For Darkness Shows the Stars by Diana Peterfreund

For Darkness Shows the Stars by Diana Peterfreund

Release Date: June 12, 2012
Publisher: Balzer + Bray
Series: For Darkness Shows the Stars, Book 1
Rated: YA 14+
Format: Hardcover
Source: Won – thank you Alessandra @ Out of the Blue!
Buy: AmazonThe Book Depository

It's been several generations since a genetic experiment gone wrong caused the Reduction, decimating humanity and giving rise to a Luddite nobility who outlawed most technology.

Elliot North has always known her place in this world. Four years ago Elliot refused to run away with her childhood sweetheart, the servant Kai, choosing duty to her family's estate over love. Since then the world has changed: a new class of Post-Reductionists is jumpstarting the wheel of progress, and Elliot's estate is foundering, forcing her to rent land to the mysterious Cloud Fleet, a group of shipbuilders that includes renowned explorer Captain Malakai Wentforth--an almost unrecognizable Kai. And while Elliot wonders if this could be their second chance, Kai seems determined to show Elliot exactly what she gave up when she let him go.

But Elliot soon discovers her old friend carries a secret--one that could change their society . . . or bring it to its knees. And again, she's faced with a choice: cling to what she's been raised to believe, or cast her lot with the only boy she's ever loved, even if she's lost him forever.

Inspired by Jane Austen's PersuasionFor Darkness Shows the Stars is a breathtaking romance about opening your mind to the future and your heart to the one person you know can break it.

I've had this book sitting on my shelf for quite a long time– I've always wanted to get to it, because HELLO, gorgeous cover! But I never quite got the time to sit down and read it.  There was always another book that needed to be read, and now with my reading pile having grown in epic proportions, I don't think that I would have ever gotten to read it this year (or even the next year), except one one thing popped up: I got the chance to read an eGalley of the sequel. Of course, this is the perfect motivation to read this book and so I sat down and read it.
Holy Moly. I loved it. I knew it was a retelling of a Jane Austen novel, and even though I haven't actually read Persuasion, it had a distinctive Austen style to it. I felt like this was a dystopian which featured a lot of elements from Austen's time: the way they dressed, the way they talked, the mannerisms, etc. It's just so classically written that it really did feel like a historical novel. Except, you know, the fact that there's a whole lot of technology, and the fact that it's set in a post-apocalyptic setting.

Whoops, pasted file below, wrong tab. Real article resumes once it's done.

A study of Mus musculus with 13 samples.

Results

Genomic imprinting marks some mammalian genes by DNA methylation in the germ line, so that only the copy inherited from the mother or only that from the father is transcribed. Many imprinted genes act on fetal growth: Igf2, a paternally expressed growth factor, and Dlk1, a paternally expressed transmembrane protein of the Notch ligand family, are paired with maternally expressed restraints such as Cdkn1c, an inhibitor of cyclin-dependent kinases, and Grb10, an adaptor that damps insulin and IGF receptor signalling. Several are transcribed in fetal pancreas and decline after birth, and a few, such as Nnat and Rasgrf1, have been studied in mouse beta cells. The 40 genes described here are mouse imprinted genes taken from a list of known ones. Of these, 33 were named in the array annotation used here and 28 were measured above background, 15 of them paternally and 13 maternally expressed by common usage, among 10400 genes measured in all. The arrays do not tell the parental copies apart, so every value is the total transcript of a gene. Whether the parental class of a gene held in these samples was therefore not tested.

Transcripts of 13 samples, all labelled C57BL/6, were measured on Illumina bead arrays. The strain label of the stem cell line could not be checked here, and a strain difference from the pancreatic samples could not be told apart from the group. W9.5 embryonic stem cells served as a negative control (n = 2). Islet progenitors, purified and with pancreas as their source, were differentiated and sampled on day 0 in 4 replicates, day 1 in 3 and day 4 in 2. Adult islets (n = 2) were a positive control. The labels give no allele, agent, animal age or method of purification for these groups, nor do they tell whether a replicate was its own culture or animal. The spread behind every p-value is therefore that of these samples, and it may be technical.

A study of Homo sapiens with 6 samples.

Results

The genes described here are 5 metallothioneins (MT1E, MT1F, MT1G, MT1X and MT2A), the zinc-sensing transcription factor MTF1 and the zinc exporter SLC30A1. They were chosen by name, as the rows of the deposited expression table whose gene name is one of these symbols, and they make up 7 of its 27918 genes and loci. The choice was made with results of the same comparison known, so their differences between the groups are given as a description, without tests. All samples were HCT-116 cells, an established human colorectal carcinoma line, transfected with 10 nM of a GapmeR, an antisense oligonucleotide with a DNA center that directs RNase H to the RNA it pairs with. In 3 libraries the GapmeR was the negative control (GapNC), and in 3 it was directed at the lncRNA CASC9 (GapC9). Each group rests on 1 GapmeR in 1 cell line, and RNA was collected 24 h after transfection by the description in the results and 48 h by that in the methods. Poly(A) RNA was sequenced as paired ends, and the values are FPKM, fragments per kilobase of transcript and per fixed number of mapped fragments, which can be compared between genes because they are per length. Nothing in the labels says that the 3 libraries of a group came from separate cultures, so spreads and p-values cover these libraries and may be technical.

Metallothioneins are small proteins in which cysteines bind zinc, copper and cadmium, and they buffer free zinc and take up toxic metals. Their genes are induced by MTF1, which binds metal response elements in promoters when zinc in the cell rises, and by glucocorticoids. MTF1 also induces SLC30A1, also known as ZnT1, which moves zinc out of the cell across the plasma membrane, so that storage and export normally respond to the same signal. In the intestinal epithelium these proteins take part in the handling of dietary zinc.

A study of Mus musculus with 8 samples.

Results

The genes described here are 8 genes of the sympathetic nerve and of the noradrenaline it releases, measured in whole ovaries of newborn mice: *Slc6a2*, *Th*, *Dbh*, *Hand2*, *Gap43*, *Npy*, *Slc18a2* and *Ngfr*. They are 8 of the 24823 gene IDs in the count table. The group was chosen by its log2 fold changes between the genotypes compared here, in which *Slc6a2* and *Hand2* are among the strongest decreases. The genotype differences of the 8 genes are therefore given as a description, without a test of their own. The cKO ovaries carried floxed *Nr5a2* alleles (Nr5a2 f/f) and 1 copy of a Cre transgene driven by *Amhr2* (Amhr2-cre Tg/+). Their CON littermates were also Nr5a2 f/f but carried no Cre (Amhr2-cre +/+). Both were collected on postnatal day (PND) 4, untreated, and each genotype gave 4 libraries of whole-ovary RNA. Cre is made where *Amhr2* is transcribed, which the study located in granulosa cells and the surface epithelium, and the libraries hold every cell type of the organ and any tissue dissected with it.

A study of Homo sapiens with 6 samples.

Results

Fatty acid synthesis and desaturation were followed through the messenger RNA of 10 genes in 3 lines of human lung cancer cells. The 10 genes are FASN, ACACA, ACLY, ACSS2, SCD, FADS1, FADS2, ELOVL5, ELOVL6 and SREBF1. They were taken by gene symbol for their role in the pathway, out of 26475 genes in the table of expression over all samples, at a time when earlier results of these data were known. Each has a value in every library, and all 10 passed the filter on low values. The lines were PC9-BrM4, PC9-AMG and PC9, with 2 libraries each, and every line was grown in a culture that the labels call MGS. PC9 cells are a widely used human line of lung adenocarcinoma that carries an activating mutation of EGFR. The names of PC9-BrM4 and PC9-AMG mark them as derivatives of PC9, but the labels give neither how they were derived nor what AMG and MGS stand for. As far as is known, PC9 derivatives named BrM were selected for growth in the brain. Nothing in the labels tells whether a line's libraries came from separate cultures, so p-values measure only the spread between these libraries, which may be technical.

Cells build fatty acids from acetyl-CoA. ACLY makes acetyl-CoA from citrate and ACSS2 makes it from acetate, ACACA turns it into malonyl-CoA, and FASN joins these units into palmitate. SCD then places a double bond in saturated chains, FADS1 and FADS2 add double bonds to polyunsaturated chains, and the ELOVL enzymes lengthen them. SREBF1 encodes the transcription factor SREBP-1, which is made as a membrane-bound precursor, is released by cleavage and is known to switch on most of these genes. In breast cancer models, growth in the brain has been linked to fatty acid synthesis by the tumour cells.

"Hello." His voice was the same. It rang through Elliot's body like a thunderclap announcing a storm.
"Hello," said Elliot, for parroting him was all she could trust herself to say, there in her old, worn clothes, with her braids all mussed; there, in the same room with the same furniture and the same fire and her hand floating in the air between them, curling out into space like a misguided Vine, yearning desperately for him to reach across the distance and touch her again.
Hello, Kai.
–p. 44 (Hardcover copy)

If you know me, you know I LOVE romance. This is why it was super frustrating for me, with the two most stubborn characters ever in a novel where they have so much history and so much left unsaid. 
Elliot (cool name by the way) embodied the typical Austenian heroine. She's headstrong, unlike her sister Tatiana, and goes against her father's rules for the good of the people. I adored her, and despite the book had a third person narrative, it was still quite easy to empathize with her. 
Kai – holy bleeping bleeps of bleeps – was hot. I literally was swooning half the time reading about him. Granted, he was pretty much a meanie for most of the book, but a very, VERY hot meanie. Again, going with the very brooding male lead, but he totally works. Swoon factor? Check. Mysterious demeanour? Check. The story cannot do without him? Check.

I loved the additions of letters in between (most of) the chapters. I liked how it jumped around from 12 years back to 4 years back, and so on. It was great to see the friendship blooming between the two of these characters, and maybe grow into something a little more, and it definitely helped to not only define the character's pasts, but also set the scene for the world.
The one thing that really confused me was the world that the story was set in. I felt that there was a lack of world building which really had me wondering who was what and what on earth these characters were. However, you'll really have to pay attention to the letters, which luckily I did, when reading the book because they really define the roles that the Posts and the Luddites have in this world.

I'm a little sad that the sequel isn't more of Kai and Elliot, but this series has me captivated and I'm sure what is to come is going to be brilliant. For Darkness Shows the Stars was absolutely beautiful, and Peterfreund's writing had me spellbound from start to finish. 

If you like this, try...

  • Cinder by Marissa Meyer Goodreads
  • These Broken Stars by Amie Kaufman & Meagan Spooner Goodreads

1 comment:

  1. Great review! We read the free prequel to this and enjoyed it, but haven't gotten around to the book itself for whatever reason (just like you haha). Maybe we'll pick it up soon.